We’re hearing it about online giving days, about crowdfunding, about email – and now we’re starting to field the same question about peer-to-peer or online ambassador programs.
One of those organizations is the University of Minnesota. In 2016, they added an online ambassador program to their giving day and saw great results. Their ambassadors then helped to celebrate the public launch of Driven: The University of Minnesota’s Campaign in September 2017, aiming to raise $4 billion.
But then they asked, “What’s next?” The answer was a combination of a more sophisticated ambassador program and the launch of a new initiative around digital major donor engagement. These efforts led to the institution’s biggest ever online giving day and a robust volunteer opportunity for the University’s most fervent online advocates.
Give to the Max Day
In 2016, in preparation for the University of Minnesota’s giving day – held on Give to the Max Day, Minnesota’s statewide day of giving held every November – the digital fundraising team sought out social media users who demonstrated affinity for the institution. The digital team then engaged this organically-grown group of ambassadors and asked them to share content during Give to the Max Day.
The effort paid off. The U’s 2016 Give to the Max Day was a tremendous success, significantly outperforming their past giving days. And there is little doubt the early ambassador effort was a key contributor to the U of M’s success on Give to the Max Day.
In 2017, the University wanted to expand on the strong ambassador foundation built in 2016 for Give to the Max Day.
“On Give to the Max Day 2016 and for our Driven launch, we saw the power of U supporters helping share messages about the impact of giving, helping us trend in social media and drive an increase in traffic to our website,” said Robyn White, Associate Director of Digital Marketing at the U of M Foundation.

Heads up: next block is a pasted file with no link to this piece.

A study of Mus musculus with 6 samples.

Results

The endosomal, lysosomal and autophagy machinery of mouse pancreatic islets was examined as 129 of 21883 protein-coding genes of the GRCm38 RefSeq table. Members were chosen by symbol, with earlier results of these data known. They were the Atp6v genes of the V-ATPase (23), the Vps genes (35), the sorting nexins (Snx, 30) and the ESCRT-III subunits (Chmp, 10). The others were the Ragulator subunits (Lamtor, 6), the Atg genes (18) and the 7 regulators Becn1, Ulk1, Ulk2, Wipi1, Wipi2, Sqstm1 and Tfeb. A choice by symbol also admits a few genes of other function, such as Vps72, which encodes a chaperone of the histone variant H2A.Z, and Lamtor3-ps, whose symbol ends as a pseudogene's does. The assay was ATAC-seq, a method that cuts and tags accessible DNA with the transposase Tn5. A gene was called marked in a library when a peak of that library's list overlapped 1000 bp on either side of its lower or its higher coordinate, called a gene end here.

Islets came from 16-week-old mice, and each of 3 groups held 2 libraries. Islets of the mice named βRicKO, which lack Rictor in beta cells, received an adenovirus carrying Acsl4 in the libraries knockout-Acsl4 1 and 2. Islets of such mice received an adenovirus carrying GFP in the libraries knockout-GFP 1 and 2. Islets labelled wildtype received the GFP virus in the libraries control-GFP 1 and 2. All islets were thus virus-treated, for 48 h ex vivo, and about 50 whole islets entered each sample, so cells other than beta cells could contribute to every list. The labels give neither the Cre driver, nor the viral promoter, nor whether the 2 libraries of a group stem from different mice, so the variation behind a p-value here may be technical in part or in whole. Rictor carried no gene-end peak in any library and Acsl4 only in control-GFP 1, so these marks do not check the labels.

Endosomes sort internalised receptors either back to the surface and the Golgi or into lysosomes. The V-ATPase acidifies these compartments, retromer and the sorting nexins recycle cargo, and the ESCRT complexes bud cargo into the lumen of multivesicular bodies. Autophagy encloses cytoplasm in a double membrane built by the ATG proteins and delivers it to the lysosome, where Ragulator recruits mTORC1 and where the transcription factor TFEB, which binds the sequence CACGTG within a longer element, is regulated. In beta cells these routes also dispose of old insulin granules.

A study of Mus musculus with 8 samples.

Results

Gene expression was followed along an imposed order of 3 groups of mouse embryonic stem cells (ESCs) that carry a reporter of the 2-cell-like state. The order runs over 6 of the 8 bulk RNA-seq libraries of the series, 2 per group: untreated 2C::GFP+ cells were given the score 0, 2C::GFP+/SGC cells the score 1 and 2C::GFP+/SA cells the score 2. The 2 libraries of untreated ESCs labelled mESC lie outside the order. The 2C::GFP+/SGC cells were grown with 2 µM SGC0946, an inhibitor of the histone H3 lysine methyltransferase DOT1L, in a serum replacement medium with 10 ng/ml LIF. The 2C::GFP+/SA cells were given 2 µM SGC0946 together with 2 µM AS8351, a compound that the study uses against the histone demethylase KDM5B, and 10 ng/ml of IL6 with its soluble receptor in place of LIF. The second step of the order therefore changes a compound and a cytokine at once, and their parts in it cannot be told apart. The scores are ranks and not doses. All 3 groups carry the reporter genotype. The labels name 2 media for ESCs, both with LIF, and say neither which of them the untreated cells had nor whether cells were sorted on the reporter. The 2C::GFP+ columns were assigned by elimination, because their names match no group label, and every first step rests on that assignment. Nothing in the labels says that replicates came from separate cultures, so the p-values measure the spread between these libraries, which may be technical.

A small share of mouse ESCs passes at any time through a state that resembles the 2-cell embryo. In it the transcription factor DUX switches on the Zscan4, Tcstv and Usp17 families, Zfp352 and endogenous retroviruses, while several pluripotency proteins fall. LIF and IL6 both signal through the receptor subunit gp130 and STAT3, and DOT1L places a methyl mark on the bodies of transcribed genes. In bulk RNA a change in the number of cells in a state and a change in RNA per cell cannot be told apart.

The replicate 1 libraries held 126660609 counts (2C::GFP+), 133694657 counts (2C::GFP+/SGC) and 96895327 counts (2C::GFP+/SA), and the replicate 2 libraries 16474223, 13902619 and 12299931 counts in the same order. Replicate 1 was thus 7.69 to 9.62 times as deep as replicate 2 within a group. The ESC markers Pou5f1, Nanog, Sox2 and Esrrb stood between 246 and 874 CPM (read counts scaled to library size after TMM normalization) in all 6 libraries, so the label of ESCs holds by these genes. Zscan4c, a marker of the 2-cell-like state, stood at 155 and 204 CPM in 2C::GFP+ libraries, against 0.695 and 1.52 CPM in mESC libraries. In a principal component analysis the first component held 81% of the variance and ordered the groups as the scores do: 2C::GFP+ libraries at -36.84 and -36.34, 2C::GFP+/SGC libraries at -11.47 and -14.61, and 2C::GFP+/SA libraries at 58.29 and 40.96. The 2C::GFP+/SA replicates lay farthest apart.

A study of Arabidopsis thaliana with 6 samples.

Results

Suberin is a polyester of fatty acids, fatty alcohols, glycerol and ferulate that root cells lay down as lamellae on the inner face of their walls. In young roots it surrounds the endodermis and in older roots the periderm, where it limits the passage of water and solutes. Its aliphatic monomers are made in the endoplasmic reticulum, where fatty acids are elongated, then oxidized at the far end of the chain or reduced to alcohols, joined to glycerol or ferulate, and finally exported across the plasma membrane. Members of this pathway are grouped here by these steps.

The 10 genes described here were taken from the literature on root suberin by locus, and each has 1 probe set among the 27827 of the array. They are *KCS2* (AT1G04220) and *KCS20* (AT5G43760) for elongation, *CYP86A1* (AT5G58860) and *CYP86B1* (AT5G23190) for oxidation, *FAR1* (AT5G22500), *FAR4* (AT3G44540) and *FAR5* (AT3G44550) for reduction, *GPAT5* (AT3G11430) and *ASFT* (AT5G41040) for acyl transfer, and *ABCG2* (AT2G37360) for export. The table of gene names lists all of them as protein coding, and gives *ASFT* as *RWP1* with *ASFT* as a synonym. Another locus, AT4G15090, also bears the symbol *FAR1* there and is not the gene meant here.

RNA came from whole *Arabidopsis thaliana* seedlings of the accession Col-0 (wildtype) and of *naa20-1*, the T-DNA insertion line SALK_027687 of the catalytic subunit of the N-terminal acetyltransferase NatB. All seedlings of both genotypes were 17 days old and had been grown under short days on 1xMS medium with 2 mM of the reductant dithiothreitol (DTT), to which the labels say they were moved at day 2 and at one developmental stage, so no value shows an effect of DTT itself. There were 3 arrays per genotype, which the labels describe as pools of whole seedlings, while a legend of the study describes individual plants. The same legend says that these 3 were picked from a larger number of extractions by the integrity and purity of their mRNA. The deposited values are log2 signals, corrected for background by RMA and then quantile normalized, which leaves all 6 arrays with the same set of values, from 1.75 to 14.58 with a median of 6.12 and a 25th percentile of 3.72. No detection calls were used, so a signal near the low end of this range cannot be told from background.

First, came a partnership with Groundwork Digital to craft a strategy for expanding the ambassador program.
Next, came technology. The University partnered with Blackbaud and used Attentive.ly to scan nearly 100,000 email addresses for those in the database who have a strong social media presence.
“This tool provided an efficient way to gain extra insight to which U supporters are publicly talking about us and have a great online network for sharing,” said White.
The results were powerful. The influencer scan of nearly 100,000 records returned influencer results on more than 40,000 individual social media users.
In addition to the technology and consulting firm, the same U of M Foundation staff person dedicated to the effort in 2016 took the lead on refining the ambassador list for the 2017 Give to the Max Day.
Digital marketing specialist Karina Carlson worked alongside the Groundwork team to implement an engagement plan to activate ambassadors throughout the fall and especially during Give to the Max Day, partnering with key constituent groups across the U system.
“It was fun to see our supporters celebrate the U in a more grassroots way,” said Carlson. “And to have a new way to engage passionate supporters on our biggest giving day of the year.”
The results speak for themselves – 109 individuals from the U of M’s “UMN Influencers” group were talking about Give to the Max Day on social media. This activity boosted the University’s total reach on Give to the Max Day to 174,119 social media users. That represented a +99.4 percent gain from 2016.